Why I’ll Miss 3G on the Kindle

Losing the connection

Key Takeaways

  • Users of older Kindle readers will lose their 3G connectivity later this year. 
  • I’ll miss the 3G internet connection because it offers a direct line to Amazon’s vast selection of books. 
  • Self-contained, the Kindle becomes a magical book with seemingly never-ending pages.
A lineup of Kindles.

Wikimedia Commons

No man may be an island, but the 3G on my Kindle DX has kept me from information overload. I’m sad that Amazon announced recently that it’s doing away with the connection. 

Older Kindle models will start to lose their built-in internet access in December. The change comes because mobile carriers are ditching 3G networking technology in favor of newer 4G and 5G networks. Aging Kindles without Wi-Fi won’t be able to connect to the internet at all.

For many users, the loss of 3G won’t mean much. After all, the Kindle makes a terrible device for accessing the internet. With its sluggish processor and monochrome screen, the Kindle is designed for reading, not browsing. But the 3G internet connection offers a direct line to Amazon’s vast selection of books. 

"Using the built-in 3G internet on the Kindle is an entirely different experience from connecting via Wi-Fi."

Cutting the Cord

Don’t worry if you’ve bought a Kindle reading device recently. The newest Kindle devices with 4G will still work, but for older devices that shipped with support for 3G and Wi-Fi, including the Kindle Keyboard (3rd generation), Kindle Touch (4th generation), Kindle Paperwhite (4th, 5th, 6th, and 7th generation), Kindle Voyage (7th generation), and Kindle Oasis (8th generation), only will be able to connect using Wi-Fi.

Amazon said you will still be able to view the content you already have downloaded on the older Kindles devices, but you won’t be able to download new books from the Kindle Store, except over Wi-Fi. 

Worse news comes for the most elderly of Kindles, including the Kindle (1st and 2nd generation) and the Kindle DX (2nd generation). These older models don’t have built-in Wi-Fi, so using the 2G or 3G internet connectivity was the only way to get online. However, you will still be able to load new content onto your device using a micro-USB cable. 

Big Kindle Blues

I’m sad about the loss of connectivity because I own the second-generation model of the Kindle DX, which I think is the best model that Amazon ever made. It’s got a relatively big, 9.7-inch screen that makes reading easier. Like other older Kindles, the DX has a built-in keyboard that offers a quirky, retro appeal. I also enjoy the solid feel and heft of the device, which some people might describe as bulky, but I prefer to think of as sturdy and reassuring.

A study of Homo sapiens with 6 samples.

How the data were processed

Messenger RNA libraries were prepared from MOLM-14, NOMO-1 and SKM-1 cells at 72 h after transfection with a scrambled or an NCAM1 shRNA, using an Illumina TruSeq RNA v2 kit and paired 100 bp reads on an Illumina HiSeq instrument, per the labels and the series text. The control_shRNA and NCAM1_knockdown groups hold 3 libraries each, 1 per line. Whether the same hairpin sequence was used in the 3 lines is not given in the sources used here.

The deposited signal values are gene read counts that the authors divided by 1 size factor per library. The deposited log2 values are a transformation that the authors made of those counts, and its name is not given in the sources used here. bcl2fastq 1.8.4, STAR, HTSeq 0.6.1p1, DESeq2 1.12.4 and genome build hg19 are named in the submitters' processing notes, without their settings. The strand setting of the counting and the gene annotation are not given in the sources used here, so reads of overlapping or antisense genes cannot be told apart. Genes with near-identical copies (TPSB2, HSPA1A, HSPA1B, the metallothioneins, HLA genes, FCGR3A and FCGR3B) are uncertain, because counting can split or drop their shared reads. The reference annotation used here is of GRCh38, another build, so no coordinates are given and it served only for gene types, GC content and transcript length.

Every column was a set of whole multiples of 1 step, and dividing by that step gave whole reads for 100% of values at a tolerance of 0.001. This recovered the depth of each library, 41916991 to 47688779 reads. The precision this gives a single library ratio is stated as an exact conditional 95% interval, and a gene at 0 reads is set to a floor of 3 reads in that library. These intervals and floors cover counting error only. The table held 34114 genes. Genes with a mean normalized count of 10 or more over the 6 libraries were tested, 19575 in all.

Using the built-in 3G internet on the Kindle is an entirely different experience from connecting via Wi-Fi. I bought a Kindle in the first place instead of using a tablet like an iPad to escape from the internet for a while and concentrate on reading. The best part was that once you paid for the slightly more expensive 3G Kindle model, you never needed to pay a monthly fee for a connection. 

For me, the appeal of the 3G internet was about being just connected enough, which I think is the key to happiness in our overburdened digital age. I was able to download nearly any title ever published using 3G directly to my Kindle without having to mess with a Wi-Fi connection.

Three generations of Kindles stacked on top of each other.

Wikimedia Commons

Self-contained, the Kindle becomes a magical book with seemingly never-ending pages. It’s a far calmer experience than buying books directly from Amazon’s website, where you are bombarded with ads and links to products you don’t need. 

When you don’t have to worry about a Wi-Fi connection, I’ve been able to lounge in remote locations and purchase novels. I went camping in the Adirondack Mountains of New York state last summer, and even though cell phone reception was poor, my Kindle DX was able to connect to Amazon’s 3G network and download books.

I had an even better experience a few years ago traveling in Europe. Since my DX is the international version, I could download books without Wi-Fi in a remote area of Spain. 

At least, Amazon is making gestures of condolences to some Kindle users left behind. The company is offering incentives to upgrade, including $70 off a new Kindle for 3G customers.